Political pandemic

Even after more than seven decades, the country is yet to meander through ‘its most crucial time’

Haroon Rashid Siddiqi August 04, 2021
The writer is a retired professional based in Karachi. He takes interest in current affairs and can be reached at [email protected]

Pakistan ever since its creation on 14 August, 1947 has resolutely survived in the eye of a storm, as any other expression would simply belie the grave predicament. The country has, even after more than seven decades, yet to meander through ‘its most crucial time’ which instead of becoming history has now turned into a historic epithet. The shenanigans of the British government in India mostly drawn from their policy of divide and rule and the belligerence of the Indian polity led the majority of Muslims part their ways with the Congress Party to form All India Muslim League for shielding their interests rather than playing second fiddle to the Hindus.

My focus, therefore, is on the chequered history of Pakistan which unfortunately lost Quaid-e-Azam Muhammad Ali Jinnah on 11 September, 1948 due to his illness, to be soon followed by the tragic assassination of Quaid-e Millat Liaqat Ali Khan in Company Bagh Rawalpindi on 16 October, 1951. The forced exit of the Bengali Prime Minister, Khawaja Nazimuddin, on 17 April, 1953 by his own appointed Governor General Malik Ghulam Muhammad precipitated a game of musical chairs in the nascent state of Pakistan. It is said that the Indian Prime minister Jawaharlal Nehru once mockingly said in the company of his close aides, “Who should I talk to in Pakistan where the prime ministers are changed sooner than my pajamas.” Even this ludicrous remark conveys some reality.

Actually the first political ingress in Pakistan was made by the civil bureaucracy comprising two officers from the Indian Audit and Accounts Service and one from the Indian Political Service. These were Messrs Malik Ghulam Muhammad (third Governor General from October 1951 to August 1955), Iskander Mirza (fourth Governor General from August 1955 to March 1956 and later the first President from March 1956 to October 1958) and Chaudhry Muhammad Ali (fourth Prime Minister from August 1955 to September1956). Surprisingly, they were preferred by the founding fathers over some senior ICS officers as well as the most senior and competent Muslim officer from the Indian Audit and Accounts Service, Zahid Husain, who was belatedly tasked to establish the State Bank of Pakistan; and what a wonderful job he performed! The previous three bureaucrats were only working at the level of a joint secretary when the partition took place and they were given the most coveted positions which they neither deserved nor had ever dreamt of. Chaudhry Muhammad Ali cleverly strategised for himself the most powerful position in the bureaucracy by being appointed as the Secretary General, a post which was abolished after he entered the political domain. Malik Ghulam Muhammad started as Finance Minister in Pakistan while Iskander Mirza was elevated to work as Defence Secretary. That is how they all rose to unbelievable heights in Pakistan. Perhaps the founding fathers wrongly placed their trust and confidence in them.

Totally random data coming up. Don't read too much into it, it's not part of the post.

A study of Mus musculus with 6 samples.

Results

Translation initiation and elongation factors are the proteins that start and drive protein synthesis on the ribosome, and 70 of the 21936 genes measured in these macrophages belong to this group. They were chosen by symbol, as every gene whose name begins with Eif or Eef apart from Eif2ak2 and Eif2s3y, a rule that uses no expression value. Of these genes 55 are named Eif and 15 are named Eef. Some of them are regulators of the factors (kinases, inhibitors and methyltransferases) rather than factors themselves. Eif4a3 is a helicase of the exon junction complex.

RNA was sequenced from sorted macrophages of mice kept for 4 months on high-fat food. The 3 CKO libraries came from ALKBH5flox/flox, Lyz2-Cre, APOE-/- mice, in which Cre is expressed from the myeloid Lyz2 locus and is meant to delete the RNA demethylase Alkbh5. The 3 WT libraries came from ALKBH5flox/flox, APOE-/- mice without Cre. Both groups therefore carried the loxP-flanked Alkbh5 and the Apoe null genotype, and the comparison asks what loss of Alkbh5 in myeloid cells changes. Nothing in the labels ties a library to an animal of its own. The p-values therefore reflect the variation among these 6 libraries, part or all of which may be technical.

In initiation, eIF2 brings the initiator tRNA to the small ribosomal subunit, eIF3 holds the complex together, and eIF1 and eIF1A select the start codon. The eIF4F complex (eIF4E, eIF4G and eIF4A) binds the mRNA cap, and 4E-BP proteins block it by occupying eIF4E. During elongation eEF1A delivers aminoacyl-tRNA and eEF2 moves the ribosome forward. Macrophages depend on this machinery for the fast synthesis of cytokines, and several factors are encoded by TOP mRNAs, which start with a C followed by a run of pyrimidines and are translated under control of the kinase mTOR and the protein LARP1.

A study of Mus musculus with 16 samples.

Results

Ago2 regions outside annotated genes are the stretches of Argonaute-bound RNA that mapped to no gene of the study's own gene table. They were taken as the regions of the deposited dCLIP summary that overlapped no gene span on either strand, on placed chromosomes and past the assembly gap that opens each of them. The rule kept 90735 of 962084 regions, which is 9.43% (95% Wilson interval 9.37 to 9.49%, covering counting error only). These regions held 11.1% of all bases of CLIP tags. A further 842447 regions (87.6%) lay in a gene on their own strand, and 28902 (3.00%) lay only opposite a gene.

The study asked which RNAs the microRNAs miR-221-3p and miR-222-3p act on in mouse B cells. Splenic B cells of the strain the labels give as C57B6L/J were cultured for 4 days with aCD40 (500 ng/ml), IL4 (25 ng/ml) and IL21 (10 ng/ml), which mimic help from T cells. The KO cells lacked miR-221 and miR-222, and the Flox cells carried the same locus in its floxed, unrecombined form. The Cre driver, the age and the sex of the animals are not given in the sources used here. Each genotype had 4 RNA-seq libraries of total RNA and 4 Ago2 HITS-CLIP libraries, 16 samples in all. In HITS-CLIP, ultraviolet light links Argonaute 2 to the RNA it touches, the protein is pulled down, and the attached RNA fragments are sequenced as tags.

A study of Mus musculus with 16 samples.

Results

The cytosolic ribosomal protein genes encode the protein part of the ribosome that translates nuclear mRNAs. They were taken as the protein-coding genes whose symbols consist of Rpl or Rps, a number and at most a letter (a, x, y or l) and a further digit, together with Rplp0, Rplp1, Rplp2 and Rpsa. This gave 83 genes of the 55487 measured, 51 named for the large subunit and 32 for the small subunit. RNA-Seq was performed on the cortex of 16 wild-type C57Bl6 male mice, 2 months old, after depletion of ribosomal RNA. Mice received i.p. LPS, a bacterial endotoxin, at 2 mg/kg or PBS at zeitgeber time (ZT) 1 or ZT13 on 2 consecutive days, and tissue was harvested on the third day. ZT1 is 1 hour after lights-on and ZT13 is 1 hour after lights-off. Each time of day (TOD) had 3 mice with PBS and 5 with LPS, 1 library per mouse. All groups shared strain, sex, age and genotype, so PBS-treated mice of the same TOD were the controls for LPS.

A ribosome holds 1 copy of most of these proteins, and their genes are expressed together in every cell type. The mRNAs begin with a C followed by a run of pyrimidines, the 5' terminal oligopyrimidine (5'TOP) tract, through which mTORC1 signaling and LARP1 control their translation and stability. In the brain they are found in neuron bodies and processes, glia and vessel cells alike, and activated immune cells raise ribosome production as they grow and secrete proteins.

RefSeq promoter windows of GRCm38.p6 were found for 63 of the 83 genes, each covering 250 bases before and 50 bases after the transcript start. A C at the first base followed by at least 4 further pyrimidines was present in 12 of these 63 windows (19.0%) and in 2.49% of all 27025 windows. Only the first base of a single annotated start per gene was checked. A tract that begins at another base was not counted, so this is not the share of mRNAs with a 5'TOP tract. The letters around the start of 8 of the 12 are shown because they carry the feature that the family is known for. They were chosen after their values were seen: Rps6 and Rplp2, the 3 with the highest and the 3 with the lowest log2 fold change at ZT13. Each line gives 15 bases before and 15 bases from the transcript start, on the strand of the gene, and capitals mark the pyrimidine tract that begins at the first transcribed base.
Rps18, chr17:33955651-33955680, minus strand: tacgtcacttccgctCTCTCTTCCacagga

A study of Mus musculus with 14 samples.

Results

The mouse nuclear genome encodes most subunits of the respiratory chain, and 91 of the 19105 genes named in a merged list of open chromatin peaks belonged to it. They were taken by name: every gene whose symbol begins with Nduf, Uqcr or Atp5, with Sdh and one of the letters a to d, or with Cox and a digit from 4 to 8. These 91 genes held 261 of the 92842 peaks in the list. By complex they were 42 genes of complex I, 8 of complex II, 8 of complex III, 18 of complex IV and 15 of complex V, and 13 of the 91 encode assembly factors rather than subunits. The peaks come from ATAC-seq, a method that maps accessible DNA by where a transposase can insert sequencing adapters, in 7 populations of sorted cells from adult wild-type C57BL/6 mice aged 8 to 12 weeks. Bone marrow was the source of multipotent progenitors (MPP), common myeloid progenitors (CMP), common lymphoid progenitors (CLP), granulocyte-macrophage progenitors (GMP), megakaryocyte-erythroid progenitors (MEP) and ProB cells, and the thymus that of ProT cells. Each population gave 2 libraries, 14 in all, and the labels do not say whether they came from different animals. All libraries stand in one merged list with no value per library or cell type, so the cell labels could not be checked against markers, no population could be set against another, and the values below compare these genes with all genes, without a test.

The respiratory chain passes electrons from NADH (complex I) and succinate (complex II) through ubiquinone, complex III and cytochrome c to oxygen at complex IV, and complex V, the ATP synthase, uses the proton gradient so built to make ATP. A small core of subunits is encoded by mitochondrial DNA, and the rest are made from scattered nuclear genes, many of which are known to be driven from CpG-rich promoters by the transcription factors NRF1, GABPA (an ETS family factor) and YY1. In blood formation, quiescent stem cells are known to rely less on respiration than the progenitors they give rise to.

Ayub Khan deposed President Iskander Mirza when the latter abrogated the 1956 Constitution in a dull-witted move aimed at getting rid of Prime Minister Feroz Khan Noon for vesting all power in his presidency. Thus the first martial law was imposed by Ayub Khan in October 1958. His tenure can be described as the most stable and the best economic era in the history of Pakistan; no justification of a takeover is intended here. But it ought to be highlighted that corruption also escalated during this otherwise productive period. I recall the grandiose marriage of SS Jaffery’s daughter. Jaffery was an ICS officer working as the most powerful Secretary Industries during that period of landmark industrialisation. The Reader’s Digest carried a story in its monthly chronicle giving a comprehensive list of the fabulous gifts generously given by business tycoons in that wedding which was ridiculed as filthy extravagance in a poor country like Pakistan. No doubt, power tends to corrupt, and absolute power corrupts absolutely.

Published in The Express Tribune, August 4th, 2021.